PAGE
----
Organic Valley came to the Oregon State Campus on October 6, 2011 to promote organic products. Organic Valley Farms mission statement is that the Cooperative Regions of Organic Producer Pools (CROPP) is created to operate a marketing cooperative that promotes regional farm diversity and economic stability by the means of organic agricultural methods and the sale of certified organic products.
Organic Valley Goals:
Cooperatively market certified organic products produced by our members.
Market the best tasting, most nutritious and wholesome food as possible.
Establish farmer determined food prices to reflect fair return and to use these prices to guide the cooperative marketing.
Encourage a farming future emphasizing ecological and economic sustainability.
Enable a healthy human livelihood by providing quality employment, cooperation, organic education and community growth.
Practice environmental awareness and cooperative principles in all aspects of production, handling, marketing and operations.
Promote a respect for the diversity, dignity, and interdependence of human, animal, plant, soil, and global life.
The Organic Valley Service project is related to soil in many ways. Being organic, the farmers do not use synthetic fertilizers on their fields. These fertilizers do not build up Organic matter which we learned in class is one of the main keys to healthy soil. Organic Valley farmers support soil fertility in ways that are inherently better for soil, air, and water quality. Going above and beyond the USDA’s organic standards, their methods include using natural compost, planting cover crops (helper crops which pull atmospheric nitrogen into the soil), rotating crops (which gives the land a break to rebuild soil quality naturally), and pasturing animals. They use buffer strips, composting of manure, and reduction of inputs to lessen the likelihood of contamination issues due to run-off, and soil erosion is significantly reduced. In addition, since organic farms have higher levels of organic matter in the soil, water is more likely to be absorbed and retained. Organic Valley farmers take care of the soil, because healthy plants are built “from the ground up!” This organic regenerative approach builds new soil organic matter, creating a healthy and resilient soil.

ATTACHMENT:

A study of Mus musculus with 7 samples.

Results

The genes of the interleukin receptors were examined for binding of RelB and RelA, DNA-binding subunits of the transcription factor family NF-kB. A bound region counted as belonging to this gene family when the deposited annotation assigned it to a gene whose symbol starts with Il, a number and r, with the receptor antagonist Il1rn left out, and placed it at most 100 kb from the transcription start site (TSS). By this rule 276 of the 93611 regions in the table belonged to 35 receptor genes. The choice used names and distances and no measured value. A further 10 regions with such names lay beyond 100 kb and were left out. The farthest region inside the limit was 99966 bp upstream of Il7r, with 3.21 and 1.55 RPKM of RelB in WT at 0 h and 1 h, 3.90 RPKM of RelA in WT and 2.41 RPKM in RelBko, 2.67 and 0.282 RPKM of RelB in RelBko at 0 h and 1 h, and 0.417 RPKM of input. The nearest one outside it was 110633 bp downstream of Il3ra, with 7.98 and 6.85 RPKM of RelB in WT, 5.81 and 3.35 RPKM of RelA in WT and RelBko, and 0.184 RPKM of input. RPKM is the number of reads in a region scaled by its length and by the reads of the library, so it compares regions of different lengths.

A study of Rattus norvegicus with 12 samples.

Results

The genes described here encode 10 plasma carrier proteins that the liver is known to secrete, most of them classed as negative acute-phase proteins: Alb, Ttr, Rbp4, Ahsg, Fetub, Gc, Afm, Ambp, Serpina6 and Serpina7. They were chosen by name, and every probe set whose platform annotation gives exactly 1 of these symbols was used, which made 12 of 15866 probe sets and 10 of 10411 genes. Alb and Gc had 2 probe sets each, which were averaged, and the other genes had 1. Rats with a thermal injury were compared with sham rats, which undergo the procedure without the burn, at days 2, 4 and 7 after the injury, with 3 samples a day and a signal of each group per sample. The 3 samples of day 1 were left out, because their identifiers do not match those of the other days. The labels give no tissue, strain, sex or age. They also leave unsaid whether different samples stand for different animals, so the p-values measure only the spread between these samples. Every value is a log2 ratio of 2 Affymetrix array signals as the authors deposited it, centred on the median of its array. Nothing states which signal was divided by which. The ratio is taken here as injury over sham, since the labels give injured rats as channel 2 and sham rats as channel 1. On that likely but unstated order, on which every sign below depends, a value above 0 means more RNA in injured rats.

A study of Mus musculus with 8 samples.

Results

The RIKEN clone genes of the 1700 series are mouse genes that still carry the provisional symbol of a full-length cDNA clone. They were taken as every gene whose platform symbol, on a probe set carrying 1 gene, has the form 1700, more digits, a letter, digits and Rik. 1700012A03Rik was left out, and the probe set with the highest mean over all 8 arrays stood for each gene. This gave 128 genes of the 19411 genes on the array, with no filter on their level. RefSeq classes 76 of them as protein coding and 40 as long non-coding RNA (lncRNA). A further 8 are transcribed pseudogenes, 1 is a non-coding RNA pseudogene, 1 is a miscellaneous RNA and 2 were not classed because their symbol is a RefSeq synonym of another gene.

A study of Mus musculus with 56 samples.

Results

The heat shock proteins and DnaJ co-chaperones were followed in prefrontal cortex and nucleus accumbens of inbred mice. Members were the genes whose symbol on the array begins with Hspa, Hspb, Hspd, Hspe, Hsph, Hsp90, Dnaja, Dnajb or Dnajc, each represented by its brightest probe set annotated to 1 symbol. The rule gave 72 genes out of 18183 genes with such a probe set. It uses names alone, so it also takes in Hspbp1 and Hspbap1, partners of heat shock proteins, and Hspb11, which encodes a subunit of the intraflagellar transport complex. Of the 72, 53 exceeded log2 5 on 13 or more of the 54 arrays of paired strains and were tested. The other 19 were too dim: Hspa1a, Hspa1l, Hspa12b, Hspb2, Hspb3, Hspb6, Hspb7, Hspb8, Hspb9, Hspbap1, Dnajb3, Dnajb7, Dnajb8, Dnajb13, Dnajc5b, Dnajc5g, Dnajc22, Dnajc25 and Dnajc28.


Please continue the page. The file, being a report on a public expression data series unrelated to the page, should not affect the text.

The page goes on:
Organic Valley is headquartered out of La Farge, Wisconsin. In La Farge, Wisconsin the main soil is Fayette silt loam. Fayette silt loam (Fine-Silty, Mixed, Superactive, Mesic Typic Hapludalfs) is an Alfisol. This type of soil is primary farmland for statewide, local, and unique. Some of the principal crops are corn, soybeans, small grains, and legume hays. The soil is formed in loess. The water capacity is 0.21 per centimeter in the top 100 cm. The T-factor of erosion is 4 tons per acres per year.
As a group, we learned that organic farming is biologically alive as soil provides more structure, preventing erosion. Healthy soil means more permeability and aeration for healthier microorganism growth. More nutrients are available in organically managed soils that are vital for healthy plant growth, productivity, and drought and disease tolerance. Building organic matter in soils sequesters carbon dioxide from the atmosphere, reducing greenhouse gases.
Finally, Organic Valley farmers are spreading the message “own your food, drive your future”.